Duran Duran and Nile Rodgers Concert Gave Miami a Musical History Lesson | Miami New Times

Duran Duran and Nile Rodgers Show Miami Why They're Still So Relevant

What happens when two of the most bestselling artists of all time join forces for a concert? An embarrassment of riches that was almost too much to handle. Friday night at Bayfront Park, Miami was spoiled rotten by headliners Duran Duran, who not only played damn near all of their...

Friday night at Bayfront Park, Miami was spoiled rotten by headliners Duran Duran, who not only played damned near all of its hits but invited the legendary Chic with Nile Rodgers along as openers.

Disco fans know Nile Rodgers as cofounder and frontman of Chic, writer of '70s earworms “Le Freak” and “Good Times.” But that’s just the tip of a mighty iceberg set to destroy the shallowest understanding of Chic's influence on music, Rodgers in particular.

He is not only the Godfather of Disco but a freight train of production and songwriting talent. At 63 years old, Rodgers is still the first man so many superstars have on speed dial: Avicii, Daft Punk, Lady Gaga, and Sam Smith have all phoned him over the past couple of years to make things happen.

Alone, a Chic with Nile Rodgers concert is a dance-worthy history lesson in funk, hip-hop, R&B, and even EDM. Rodgers and his pop symphony funked their way through a checklist of our favorite songs, so many of which Rodgers produced or helped compose. 

From Sister Sledge’s “We Are Family” to David Bowie’s “Let’s Dance” (a fine tribute to the late singer and Rodgers collaborator) and the ubiquitous 2013 comeback hit for Daft Punk, “Get Lucky,” Rodgers illustrated how he’s helped shaped the state of pop music for the past 30 plus years. During the final number, “Good Times,” Chic sidestepped into Sugarhill Gang’s “Rapper’s Delight,” which heavily sampled 1979’s number-one song. 
Later, during Duran Duran’s set, Rodgers reappeared to guest on “Notorious,” the foundation of Notorious B.I.G.’s posthumous hit single in 1999.

But Duran Duran was not to be outdone. Although it was an older crowd, the group's songs are so iconic that age is only relative. No one exemplified that more than lead singer Simon Le Bon, now in his mid-50s, whose voice has aged remarkably well, as in not at all.

While Duran's biggest hits – “Girls on Film,” “Hungry Like the Wolf” and “Rio” – all appeared during their dominance of MTV in the '80s, over the past decade, Duran Duran has crafted and released three excellent modern pop albums. Red Carpet Massacre (2007), All You Need Is Now (2010), and their most recent, Paper Gods (2015), have all garnered critical acclaim.

Considering how many bands these days mimic both the style and substance of new romantic-era Duran Duran, it’s no wonder that the band's music remains relevant and relatable. Furthermore, on Paper Gods, the English outfit hired some of the brightest minds in the business — including producer Mark Ronson, Red Hot Chili Peppers guitarist John Frusciante, vocalist Janelle Monáe, and their old friend and current touring partner, Nile Rodgers — to flesh out the record’s sound.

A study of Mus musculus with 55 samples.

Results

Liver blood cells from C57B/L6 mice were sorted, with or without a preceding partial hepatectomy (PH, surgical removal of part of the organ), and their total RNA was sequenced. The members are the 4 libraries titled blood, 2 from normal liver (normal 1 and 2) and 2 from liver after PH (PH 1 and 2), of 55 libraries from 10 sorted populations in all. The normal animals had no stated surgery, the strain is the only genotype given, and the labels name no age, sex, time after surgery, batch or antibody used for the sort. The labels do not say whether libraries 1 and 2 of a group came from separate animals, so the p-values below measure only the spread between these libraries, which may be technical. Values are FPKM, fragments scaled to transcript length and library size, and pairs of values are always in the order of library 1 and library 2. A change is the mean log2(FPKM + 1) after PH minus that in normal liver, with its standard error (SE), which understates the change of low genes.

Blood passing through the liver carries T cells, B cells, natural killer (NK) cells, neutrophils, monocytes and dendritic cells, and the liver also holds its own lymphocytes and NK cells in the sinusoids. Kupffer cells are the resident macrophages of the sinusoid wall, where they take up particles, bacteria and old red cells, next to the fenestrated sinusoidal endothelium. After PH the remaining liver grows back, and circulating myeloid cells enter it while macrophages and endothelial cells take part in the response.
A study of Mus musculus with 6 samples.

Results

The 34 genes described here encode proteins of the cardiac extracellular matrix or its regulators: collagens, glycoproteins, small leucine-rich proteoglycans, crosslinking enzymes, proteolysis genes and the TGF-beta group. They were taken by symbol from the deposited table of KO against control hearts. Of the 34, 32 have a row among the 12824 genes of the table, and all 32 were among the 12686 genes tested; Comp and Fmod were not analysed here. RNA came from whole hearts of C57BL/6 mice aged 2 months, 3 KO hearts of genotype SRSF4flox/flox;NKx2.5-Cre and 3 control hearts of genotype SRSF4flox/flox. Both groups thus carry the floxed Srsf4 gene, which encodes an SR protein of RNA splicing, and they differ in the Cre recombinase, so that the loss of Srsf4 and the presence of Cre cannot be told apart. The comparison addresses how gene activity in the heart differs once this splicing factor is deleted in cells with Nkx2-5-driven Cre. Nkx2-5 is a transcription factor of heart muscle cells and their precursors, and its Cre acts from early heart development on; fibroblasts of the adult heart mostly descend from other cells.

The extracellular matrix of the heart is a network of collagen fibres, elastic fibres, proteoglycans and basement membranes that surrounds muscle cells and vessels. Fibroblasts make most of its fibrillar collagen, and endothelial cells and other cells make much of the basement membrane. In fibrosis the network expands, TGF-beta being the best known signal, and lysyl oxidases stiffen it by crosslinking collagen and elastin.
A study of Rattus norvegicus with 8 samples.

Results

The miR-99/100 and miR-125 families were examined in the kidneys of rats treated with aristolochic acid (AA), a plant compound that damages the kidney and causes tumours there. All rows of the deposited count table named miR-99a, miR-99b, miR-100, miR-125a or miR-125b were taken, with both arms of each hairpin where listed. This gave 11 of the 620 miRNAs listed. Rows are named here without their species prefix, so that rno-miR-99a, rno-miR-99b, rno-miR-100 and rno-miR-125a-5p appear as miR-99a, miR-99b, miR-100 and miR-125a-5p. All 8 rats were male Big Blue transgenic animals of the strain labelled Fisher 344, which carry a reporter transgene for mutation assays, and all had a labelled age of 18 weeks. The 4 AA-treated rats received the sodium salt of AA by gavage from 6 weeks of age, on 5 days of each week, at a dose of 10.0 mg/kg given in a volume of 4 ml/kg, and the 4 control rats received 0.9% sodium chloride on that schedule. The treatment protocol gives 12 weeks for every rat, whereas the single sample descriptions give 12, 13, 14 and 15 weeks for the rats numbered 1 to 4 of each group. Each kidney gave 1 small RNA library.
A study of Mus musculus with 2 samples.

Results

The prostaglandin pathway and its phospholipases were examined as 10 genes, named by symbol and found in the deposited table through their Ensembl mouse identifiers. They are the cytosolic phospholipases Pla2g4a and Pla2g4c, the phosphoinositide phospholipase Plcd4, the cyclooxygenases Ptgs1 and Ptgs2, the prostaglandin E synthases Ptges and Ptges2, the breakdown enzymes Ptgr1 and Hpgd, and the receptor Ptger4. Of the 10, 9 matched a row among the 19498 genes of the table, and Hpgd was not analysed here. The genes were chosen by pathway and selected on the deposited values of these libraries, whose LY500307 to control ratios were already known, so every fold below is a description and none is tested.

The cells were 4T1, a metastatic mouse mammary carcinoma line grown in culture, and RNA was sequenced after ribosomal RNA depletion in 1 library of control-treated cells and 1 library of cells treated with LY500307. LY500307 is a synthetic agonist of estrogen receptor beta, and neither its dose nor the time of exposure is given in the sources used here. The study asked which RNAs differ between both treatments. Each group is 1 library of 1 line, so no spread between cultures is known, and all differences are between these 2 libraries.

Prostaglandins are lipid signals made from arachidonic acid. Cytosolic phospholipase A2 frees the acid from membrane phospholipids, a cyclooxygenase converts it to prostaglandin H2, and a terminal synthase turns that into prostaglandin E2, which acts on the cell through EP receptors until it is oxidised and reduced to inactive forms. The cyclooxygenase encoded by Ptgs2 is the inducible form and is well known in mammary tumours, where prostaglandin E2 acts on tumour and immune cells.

For example, the titular “Paper Gods” could be off of an album by Hurts; “Last Night in the City” and its thumping club beats would’ve been happily at home during Ultra just two weeks earlier; and “Pressure Off” sounds like a mashup of Bruno Mars and Icona Pop. As if to solidify the connection between them and the mega-festival antics of EDM, they unloaded a mountain of confetti on the crowd during the latter. The irony here is that Duran Duran doesn't sound like those all of those newer artists; those newer artists sound like Duran Duran. 
Throughout, whether playing the new stuff, the classics, or the almost classics, these veterans were absolutely inspired, oftentimes by their own past. Appropriately enough, for “A View to a Kill,” Duran opened with the James Bond theme. During several of the older tracks, the band intercut video of its performance with grainy clips of shows from yesteryear. They paired their sultry, early '90s hit “Come Undone,” a precursor to today’s electro-R&B, with GIFs of women in various states of undress.

Duran Duran also did its part educating the crowd by knocking out two tremendous covers. One was a tribute to David Bowie that combined its own “Planet Earth” with Bowie’s “Space Oddity,” and the other was “White Lines” by Grandmaster Flash, taken from its underrated covers album, Thank You.

That being said, it was Duran Duran's own work, new and old, that made the show so special. Those who dismiss the band as an '80s relics are doing themselves a disservice. One live listen is all it would take to win over even the most cynical of music snobs. Le Bon hit all the lows and especially the highs, working the stage like a man half his age. Their upcoming set at SunFest in downtown West Palm Beach will most likely be much shorter, but if it’s anything like the Miami show, Duran Duran all on its own is worth the price of a five-day admission.